North Atlantic Stone Bass, fennel, langoustines, coastal herbs, bisque

Craig Atchinson

Craig Atchinson

4th August 2017
Craig Atchinson

North Atlantic Stone Bass, fennel, langoustines, coastal herbs, bisque

Langoustines are part of the shellfish family. They are also known as Dublin Bay prawn, scampi or Norway lobster. There are many ways to cook langoustines - they can be roasted, poached, grilled, fried, deep-fried or boiled. Take a look at the North Atlantic Stone Bass, fennel, langoustines, coastal herbs, bisque recipe below, as tried and tested by professional chefs - why not give it a try?


  • 4x fillets of stone bass 140g each
  • 80g mixed coastal herb such as sea aster, rock samphire, sea purslane
  • 4x live langoustines
  • Sauce:
  • 200g langoustine shells (roasted until golden)
  • 2 shallots
  • 2 sticks of celery
  • 1 bay leaf
  • 2 star anise
  • 2 tbsp tomato puree
  • 20 ml brandy
  • 100ml white wine
  • 175 ml double cream
  • Fennel puree:
  • 1 fennel bulb
  • 100g butter
  • 250ml white chicken stock
  • 175ml double cream
  • Salt to taste


For the sauce:
Sweat down the celery and shallots until soft in a sauce pan, add the tomato puree and cook out for 5 minutes. Add the brandy, burn the alcohol by lighting a match over the vapour or you can use the gas flame on your hob. Add the white wine and bring to the boil for 1 minute. Put in the langoustine bones and cover with cold water. Add the bay, star anise then bring to the boil and simmer for 20 minutes, don’t simmer for more than this otherwise the sauce will turn butter. Pass the stock through a fine sift. Return to a clean pan then reduce by half then add the double cream, then reduce again by half. Season with salt and lemon juice to your preference.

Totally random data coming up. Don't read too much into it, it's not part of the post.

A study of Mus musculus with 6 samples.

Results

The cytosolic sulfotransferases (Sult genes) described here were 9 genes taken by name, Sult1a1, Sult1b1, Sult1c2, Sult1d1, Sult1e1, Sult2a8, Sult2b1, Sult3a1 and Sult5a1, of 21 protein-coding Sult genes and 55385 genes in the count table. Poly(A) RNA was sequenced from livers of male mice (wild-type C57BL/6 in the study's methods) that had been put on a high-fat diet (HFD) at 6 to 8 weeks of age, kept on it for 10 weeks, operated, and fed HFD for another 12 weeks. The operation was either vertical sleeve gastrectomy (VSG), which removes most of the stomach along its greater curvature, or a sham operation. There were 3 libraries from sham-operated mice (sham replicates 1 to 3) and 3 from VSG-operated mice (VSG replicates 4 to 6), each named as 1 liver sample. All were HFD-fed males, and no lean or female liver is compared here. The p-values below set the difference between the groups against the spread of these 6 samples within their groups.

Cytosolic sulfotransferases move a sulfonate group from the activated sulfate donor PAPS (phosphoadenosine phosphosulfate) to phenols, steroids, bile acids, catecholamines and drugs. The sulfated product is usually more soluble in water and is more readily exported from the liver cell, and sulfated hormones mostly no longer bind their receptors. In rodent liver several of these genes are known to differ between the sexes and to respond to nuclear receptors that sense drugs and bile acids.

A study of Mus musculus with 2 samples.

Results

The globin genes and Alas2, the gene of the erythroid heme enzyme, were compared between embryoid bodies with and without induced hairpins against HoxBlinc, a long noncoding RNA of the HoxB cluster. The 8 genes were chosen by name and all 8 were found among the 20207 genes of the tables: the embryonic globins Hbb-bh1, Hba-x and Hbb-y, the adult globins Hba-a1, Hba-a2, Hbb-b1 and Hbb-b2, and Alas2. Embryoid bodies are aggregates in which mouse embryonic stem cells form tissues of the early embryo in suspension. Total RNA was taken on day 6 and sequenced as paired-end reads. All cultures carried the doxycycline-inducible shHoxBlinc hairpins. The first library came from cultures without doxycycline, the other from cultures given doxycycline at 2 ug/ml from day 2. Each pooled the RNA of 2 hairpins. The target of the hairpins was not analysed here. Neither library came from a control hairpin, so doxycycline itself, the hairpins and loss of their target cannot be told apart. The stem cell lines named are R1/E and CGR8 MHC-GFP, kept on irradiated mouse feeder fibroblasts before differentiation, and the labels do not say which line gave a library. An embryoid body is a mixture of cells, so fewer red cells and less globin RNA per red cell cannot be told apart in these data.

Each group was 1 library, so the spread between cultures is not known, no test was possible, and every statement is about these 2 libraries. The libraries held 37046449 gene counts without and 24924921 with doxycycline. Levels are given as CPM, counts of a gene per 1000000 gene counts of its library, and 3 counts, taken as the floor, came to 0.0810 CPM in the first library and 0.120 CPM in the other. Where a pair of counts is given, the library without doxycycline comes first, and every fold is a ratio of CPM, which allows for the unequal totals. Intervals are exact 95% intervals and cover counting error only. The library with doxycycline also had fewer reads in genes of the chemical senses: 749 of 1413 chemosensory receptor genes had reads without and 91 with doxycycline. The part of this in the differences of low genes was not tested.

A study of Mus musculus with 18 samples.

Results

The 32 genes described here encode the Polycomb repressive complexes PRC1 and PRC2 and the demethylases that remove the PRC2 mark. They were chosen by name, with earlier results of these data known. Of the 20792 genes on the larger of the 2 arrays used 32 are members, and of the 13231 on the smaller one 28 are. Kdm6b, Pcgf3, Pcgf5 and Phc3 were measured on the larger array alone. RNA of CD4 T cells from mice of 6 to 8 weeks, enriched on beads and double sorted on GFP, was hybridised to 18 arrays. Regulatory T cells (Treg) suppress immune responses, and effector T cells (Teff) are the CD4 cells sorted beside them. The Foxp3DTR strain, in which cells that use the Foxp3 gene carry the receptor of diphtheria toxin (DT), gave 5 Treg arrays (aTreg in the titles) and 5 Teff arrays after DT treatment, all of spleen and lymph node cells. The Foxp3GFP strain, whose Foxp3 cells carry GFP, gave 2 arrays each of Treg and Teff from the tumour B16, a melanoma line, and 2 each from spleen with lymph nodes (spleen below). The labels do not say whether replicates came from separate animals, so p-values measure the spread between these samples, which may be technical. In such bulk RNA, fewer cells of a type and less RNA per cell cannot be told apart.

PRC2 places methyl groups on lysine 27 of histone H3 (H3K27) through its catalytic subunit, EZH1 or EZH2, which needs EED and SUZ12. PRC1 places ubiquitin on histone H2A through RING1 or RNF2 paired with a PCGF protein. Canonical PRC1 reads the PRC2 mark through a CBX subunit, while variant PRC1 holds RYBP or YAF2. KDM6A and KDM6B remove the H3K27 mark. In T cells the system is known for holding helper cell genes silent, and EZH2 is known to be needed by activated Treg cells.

For the puree:
Shred the fennel finely with a sharp knife. Melt the butter in a saucepan and warm until foaming. Add the fennel to the butter and sweat on a low heat until very soft, this can take around 1 hour. Add the chicken stock to the fennel then reduce until all the liquid has evaporated. Pour in the double cream and again reduce until the pan is almost dry. Blend in a high power food processor until the puree is smooth. Pass through a fine sift then serve.
To serve:
Blanch the langoustine tails in boiling water for 1 minute, make sure you remove the intestinal track beforehand. Dip the tails into iced water then peel off the shells. To cook the fish warm a non-stick pan with a touch of oil. Add the Bass skin side down and fry gently until the skin is golden and crisp. Flip the fish, add a knob of butter then cook gentle until the core temperature reaches 60 degrees. In the last 2 minutes of cooking add the langoustines then serve immediately. Dip the coastal herbs in boiling water for 10 seconds. Dress the plate with the puree on the base then build the other ingredients on the plate however you please.